COMMUNITY: Very rarely do we find stories that provide insight into the roles of non-binary people in traditional societies. The mahu, are "third gender" individuals who fulfill spiritual and social roles in traditional Hawaiian culture. Kapaemahu is a telling of the story of a group of mahu who came to Hawaii in the 1500s, bringing with them four sacred stones. From Animation World Network:

"The eight-minute 2D animated short takes place in the 15th Century, as four tall, deep-voiced, gentle Mahu - individuals who are a mixture of both male and female in mind, body, and spirit -sail from Tahiti to Hawaii and introduce their gifts of science and healing to the inhabitants of Waikiki. The Mahu are in-turn gifted by the islanders with a monument of four boulders in their honor. After transferring their powers into the stones, the Mahu disappear. As time passes, foreigners inhabit the island and wars rage; the once sacred and revered stones, and their story, are forgotten and buried under a bowling alley in 1941. Though the stones are recovered in the 1960s and placed back as a monument on Waikiki 37 years later, their true story was not fully recovered. But the power of the Mahu still calls out to those who pass by and are willing to listen." Click to find out more about the film and view it.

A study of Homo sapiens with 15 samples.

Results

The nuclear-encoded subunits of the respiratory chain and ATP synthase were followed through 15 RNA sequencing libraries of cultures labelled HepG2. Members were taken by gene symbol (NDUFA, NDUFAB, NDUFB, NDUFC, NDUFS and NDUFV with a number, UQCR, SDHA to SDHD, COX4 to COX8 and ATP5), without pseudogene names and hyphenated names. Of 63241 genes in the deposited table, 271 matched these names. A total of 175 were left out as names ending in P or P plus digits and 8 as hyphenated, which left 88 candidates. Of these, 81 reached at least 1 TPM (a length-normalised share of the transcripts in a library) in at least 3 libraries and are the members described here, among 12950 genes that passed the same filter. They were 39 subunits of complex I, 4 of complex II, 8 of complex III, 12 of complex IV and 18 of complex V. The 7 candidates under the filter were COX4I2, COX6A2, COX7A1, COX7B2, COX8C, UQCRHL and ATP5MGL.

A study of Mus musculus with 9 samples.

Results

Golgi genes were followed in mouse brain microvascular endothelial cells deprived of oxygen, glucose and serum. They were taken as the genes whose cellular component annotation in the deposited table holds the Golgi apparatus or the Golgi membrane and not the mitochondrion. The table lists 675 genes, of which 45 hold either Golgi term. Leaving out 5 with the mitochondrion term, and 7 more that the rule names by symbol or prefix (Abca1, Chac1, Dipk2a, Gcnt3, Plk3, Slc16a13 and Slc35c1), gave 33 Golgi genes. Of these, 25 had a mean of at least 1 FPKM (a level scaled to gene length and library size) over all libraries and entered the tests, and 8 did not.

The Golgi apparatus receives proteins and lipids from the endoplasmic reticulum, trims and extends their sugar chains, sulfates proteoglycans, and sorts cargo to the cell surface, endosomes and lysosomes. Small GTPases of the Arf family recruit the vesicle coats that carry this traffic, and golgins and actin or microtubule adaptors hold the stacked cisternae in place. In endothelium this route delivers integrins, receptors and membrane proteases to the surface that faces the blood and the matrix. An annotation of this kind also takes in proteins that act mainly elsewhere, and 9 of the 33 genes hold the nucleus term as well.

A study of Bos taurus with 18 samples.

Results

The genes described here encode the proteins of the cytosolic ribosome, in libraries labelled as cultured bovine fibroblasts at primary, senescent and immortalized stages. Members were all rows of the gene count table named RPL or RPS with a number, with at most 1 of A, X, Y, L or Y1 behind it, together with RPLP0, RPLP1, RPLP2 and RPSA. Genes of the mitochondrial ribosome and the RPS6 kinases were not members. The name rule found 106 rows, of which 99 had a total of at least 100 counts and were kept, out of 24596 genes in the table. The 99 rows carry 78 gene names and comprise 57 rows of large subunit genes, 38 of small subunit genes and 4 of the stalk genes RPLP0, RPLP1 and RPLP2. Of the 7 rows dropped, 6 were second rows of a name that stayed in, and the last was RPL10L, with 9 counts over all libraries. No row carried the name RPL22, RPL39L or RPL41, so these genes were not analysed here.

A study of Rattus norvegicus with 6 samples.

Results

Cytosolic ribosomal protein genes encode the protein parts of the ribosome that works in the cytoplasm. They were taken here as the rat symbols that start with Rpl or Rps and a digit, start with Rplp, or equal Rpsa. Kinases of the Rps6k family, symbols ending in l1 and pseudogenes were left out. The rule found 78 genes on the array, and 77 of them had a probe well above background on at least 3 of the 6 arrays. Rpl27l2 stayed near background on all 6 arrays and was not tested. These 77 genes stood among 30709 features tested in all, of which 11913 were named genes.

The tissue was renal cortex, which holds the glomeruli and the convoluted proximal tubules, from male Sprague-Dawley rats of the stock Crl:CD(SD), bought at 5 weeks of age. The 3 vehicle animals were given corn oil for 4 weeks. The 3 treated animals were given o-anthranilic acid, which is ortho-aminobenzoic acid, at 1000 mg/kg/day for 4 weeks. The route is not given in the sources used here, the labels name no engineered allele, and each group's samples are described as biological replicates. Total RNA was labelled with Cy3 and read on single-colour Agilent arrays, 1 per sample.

2 comentarios

05 abr 2021

La cultura Inca en Sudamérica reconocía hasta 7 tipos diferentes de géneros y todos eran Absolutamente respetados... cuánto nos falta aprender

Contestando a

Yes, and North American indigenous people had at least five. We "modern" cultures have lost so much in the over simplification of gender and sexuality.